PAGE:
One needs to walk a thin line (literally!) when it comes to bases for 1/600 scale figures. Too thin and you can't pick up the base: too thick and the base ends up distracting your eye from the figures. I find that a thickness of 1/32nd of an inch (roughly .75mm) is just perfect, though thicknesses of up to 1mm are fine. Beyond 1mm, however, and you run the risk of having your figures look like they're standing on platforms.
Because of the smallness of the scale, I try to make stand types immediately apprehendable to the eye. I use 25x25mm for armored targets, 25x15mm for unarmored targets and round 25mm for headquarters. FAO and FAA stands are mounted on equilateral triangles, 25mm to a side. Recon units are based on 25x25mm stands with an angled front edge. Finally, COs are based on 30mm round stands. The first three stand types I buy from Litko in 1/32nd inch thick transparent acrylic with rounded corners. The next three types of bases I cut myself from plasticard or artists' matte board (I use a fingernail clippers to trim the corners to Litko's standard.
There are two basing methods: one for freestanding vehicles and the other for units which come with a pr-molded base (generally infantry and guns). Both start, however, with basic cleanup and separation of the figures.
O8 uses some ultra hard and fairly brittle alloy in its figs. If I didn't know better, I'd even say it was aluminium. It has ZERO give, so you can't correct (the thankfully almost uneard of) casting errors by bending the metal back into place. If you try, the metal will snap. The strength of this allow is enormous, however, and it takes alot to get it to break, which brings up another problem: the tiny bits of flash on the figs can easily pierce your skin like little needles if you grasp the wrong.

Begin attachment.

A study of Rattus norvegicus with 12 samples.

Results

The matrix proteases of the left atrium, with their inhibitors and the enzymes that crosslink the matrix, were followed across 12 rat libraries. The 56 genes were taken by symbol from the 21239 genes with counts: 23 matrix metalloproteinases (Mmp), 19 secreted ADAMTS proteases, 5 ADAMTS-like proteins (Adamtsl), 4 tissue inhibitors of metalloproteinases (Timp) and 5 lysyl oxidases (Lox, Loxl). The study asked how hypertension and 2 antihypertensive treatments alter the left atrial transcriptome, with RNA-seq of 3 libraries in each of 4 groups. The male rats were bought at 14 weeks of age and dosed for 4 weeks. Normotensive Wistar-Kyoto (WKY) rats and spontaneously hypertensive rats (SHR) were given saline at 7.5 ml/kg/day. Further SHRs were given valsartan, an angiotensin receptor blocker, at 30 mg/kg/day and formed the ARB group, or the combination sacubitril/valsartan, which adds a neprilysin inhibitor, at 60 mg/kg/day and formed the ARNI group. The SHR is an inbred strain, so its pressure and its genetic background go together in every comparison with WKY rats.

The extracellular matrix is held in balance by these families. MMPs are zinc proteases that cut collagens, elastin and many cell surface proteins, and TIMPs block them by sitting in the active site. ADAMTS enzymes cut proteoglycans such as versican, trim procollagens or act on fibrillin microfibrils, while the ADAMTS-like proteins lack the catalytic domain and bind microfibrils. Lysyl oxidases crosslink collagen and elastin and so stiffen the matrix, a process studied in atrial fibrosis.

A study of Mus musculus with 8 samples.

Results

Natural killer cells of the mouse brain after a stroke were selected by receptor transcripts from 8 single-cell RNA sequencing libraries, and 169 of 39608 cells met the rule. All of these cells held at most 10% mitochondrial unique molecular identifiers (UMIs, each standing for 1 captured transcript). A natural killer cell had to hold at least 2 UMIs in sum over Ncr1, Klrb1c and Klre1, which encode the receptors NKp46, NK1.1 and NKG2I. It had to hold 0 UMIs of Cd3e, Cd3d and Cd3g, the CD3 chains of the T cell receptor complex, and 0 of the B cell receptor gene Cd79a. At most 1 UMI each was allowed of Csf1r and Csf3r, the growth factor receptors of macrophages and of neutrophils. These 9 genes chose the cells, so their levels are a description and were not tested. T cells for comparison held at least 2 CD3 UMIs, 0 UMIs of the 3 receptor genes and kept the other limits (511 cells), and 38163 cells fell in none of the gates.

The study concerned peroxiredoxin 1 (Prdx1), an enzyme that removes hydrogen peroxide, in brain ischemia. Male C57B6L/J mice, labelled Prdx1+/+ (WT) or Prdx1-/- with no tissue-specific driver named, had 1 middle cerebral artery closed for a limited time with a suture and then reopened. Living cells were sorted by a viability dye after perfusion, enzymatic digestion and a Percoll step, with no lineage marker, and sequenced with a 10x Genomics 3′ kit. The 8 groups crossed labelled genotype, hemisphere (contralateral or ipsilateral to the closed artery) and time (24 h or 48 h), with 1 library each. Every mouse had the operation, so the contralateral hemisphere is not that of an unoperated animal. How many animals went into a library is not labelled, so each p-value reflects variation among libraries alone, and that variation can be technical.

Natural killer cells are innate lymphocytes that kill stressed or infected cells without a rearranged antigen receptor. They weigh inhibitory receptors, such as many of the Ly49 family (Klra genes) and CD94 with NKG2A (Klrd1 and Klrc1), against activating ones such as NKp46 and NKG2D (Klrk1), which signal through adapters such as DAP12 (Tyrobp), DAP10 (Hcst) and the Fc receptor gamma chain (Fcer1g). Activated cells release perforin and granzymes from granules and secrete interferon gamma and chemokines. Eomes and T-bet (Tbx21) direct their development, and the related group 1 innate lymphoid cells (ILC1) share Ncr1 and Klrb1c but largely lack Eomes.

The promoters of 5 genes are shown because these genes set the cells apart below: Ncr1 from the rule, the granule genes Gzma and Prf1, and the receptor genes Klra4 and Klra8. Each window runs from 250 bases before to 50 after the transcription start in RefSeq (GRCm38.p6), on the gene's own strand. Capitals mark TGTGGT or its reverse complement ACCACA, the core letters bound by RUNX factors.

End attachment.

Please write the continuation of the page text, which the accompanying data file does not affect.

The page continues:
I use a fingernail clippers or a small wire cutters to clean the flash off of my figs. First I clean the helmets of any spurs (they generally have some because that's where O8 likes to put some of its flow vents), then I snap off the big bits of flash. Finally, I break off any stands mounted in strips. To do this, I wrap the strip in cloth and simply snap it along the molded separation lines. The cloth is necessary to avoid mauling your fingers - as I said, this metal is strong stuff!
Fingernail clipper for cleaning up a 25lb gun. Note the molded separation line between the lorried and unlorried gun. Enough pressure will snap that cleanly in two, but make sure you protect your fingers while applying pressure!
I generally put down two vehicles per stand as I feel that this gives an acceptable feeling of mass without makiung things look too crowded. Even so, you can see in the pictures below that my Grants are pushing it. I should've moved these farther out to the base edges. Oh, well...
Applying the first coat of paint
The 201st Motorized Brigade. HQ up front, followed by carrier companies, infantry, machineguns, 2 lber ATG portees and mortars. Mortars should have been based distinctively from MGs, so I'm going to have to visually define them better come painting and flocking time.